Minister of State Peter Burke has today called on the HSE to engage with South Westmeath  Hospice Committee immediately, and said that engagement must be meaningful and intended to resolve outstanding matters in order to avoid a legal battle, which he says is in no ones interest.

 

“One of the very widely acknowledged successes of palliative care in this country has been the genuine partnership approach adopted across statutory and voluntary organisations, who work together to achieve the best service for patients who utilise the service. Without this cooperation it is very much doubtful that so much would have been achieved over the years, and it is this continued approach that will help ensure that every individual, regardless of diagnosis or location, will have access to the type of service that they need.

 

“Regretfully, this partnership is not in place for residents locally.    Nearly two years since the local HSE tried to close the current unit there is still no agreement as to a way forward.   The efforts by the voluntary committee have meant hours of meetings, briefings, and research.   I commend them for their work .  We have had meeting after meeting, but a path forward has not been agreed on and this time has been largely wasted due to inaction and disagreement.

 

“The fundamental error, I believe, was the failure of the local HSE to consult with the local Hospice group prior to any plans being made.   The engagement with the South Westmeath Hospice group came too late to influence changes that would be acceptable to the group.   Despite conceding a lot, it appeared an agreement was in sight last October.  The Committee and the public representatives left the meeting understanding we finally had secured consensus, but unfortunately the HSE rowed back on this.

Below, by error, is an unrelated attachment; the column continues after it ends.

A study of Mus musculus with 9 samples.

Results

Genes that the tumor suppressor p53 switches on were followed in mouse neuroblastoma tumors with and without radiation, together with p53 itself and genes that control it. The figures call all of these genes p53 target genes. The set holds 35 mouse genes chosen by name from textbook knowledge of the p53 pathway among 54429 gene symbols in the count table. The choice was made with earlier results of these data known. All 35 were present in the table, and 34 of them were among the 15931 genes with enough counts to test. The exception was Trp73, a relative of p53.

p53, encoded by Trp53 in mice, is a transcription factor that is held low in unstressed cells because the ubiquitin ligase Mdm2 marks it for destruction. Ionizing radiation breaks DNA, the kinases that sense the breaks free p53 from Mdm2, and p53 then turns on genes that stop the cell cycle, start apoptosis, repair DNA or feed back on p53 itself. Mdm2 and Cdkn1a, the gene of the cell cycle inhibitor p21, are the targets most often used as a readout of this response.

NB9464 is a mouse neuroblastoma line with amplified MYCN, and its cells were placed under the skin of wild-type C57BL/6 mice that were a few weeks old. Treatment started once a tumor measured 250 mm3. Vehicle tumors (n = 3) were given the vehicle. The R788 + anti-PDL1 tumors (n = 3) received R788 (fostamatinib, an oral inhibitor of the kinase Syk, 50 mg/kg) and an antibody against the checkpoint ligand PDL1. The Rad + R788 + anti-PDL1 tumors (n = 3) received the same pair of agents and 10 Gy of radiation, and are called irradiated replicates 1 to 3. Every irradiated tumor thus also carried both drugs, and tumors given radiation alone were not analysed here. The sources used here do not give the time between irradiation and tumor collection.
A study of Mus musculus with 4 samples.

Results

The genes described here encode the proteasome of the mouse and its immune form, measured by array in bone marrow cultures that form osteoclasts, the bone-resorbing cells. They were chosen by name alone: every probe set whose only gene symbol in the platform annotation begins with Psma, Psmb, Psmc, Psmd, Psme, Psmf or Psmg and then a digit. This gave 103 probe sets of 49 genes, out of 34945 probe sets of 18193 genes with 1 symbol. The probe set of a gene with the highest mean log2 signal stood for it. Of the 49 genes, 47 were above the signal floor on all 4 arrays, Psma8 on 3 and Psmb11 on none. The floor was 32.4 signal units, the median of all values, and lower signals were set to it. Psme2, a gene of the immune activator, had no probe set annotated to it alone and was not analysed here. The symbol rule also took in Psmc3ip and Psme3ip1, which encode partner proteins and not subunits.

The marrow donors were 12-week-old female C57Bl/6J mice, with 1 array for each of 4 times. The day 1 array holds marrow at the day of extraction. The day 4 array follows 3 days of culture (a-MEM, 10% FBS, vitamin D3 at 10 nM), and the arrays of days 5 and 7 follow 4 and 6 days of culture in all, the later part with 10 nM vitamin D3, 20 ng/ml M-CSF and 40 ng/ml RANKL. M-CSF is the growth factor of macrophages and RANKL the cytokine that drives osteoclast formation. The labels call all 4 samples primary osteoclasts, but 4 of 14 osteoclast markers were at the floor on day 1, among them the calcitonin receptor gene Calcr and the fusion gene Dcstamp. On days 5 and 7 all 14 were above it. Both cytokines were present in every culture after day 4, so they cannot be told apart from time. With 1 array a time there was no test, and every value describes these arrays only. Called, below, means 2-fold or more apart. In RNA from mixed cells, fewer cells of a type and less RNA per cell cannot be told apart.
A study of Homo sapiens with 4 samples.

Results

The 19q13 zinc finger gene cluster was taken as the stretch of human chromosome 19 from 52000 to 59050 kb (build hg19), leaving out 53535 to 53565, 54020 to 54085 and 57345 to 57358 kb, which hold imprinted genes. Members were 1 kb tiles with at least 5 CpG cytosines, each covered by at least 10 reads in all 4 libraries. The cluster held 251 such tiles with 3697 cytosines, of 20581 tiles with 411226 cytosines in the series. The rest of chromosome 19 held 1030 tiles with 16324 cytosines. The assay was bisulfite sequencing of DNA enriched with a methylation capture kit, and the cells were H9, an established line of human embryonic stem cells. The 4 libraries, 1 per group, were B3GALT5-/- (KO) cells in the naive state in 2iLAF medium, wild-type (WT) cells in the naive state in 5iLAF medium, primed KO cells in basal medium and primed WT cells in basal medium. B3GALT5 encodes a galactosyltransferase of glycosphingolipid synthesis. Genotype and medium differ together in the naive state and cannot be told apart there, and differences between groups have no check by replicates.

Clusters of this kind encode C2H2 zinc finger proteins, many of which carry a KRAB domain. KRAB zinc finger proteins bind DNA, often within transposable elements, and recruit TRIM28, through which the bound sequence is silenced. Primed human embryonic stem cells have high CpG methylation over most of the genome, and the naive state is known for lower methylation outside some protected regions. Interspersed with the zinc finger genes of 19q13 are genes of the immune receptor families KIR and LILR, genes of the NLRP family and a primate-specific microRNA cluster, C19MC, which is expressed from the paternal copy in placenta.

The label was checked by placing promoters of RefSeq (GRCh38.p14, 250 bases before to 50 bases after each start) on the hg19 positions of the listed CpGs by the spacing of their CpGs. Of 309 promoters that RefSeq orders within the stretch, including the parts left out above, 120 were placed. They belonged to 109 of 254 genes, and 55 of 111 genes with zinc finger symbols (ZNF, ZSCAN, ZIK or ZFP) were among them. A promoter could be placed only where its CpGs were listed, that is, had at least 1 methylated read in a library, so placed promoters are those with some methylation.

“I now call on the HSE to engage in a meaningful and respectful way with South Westmeath Hospice.   It is not in any party’s interest to enter a legal battle.

 

“The palliative care approach positions the person and their family at the centre of decision-making. Within current HSE structures Palliative Care is located in the Primary Care Division, and requires operational working arrangements across Divisions, Community Health Organisations (CHO) and Hospital Groups. The benefits of palliative care support beds, particularly in terms of the experience of patients and families, has a proven record of excellence in the South Westmeath Hospice.   It is not acceptable to have this service depleted.

“Ultimately, it will be the patients who suffer as a result of these delays and changes, and this situation is intolerable, especially when you think of the situations and families who find themselves needing these services at the end of their days”.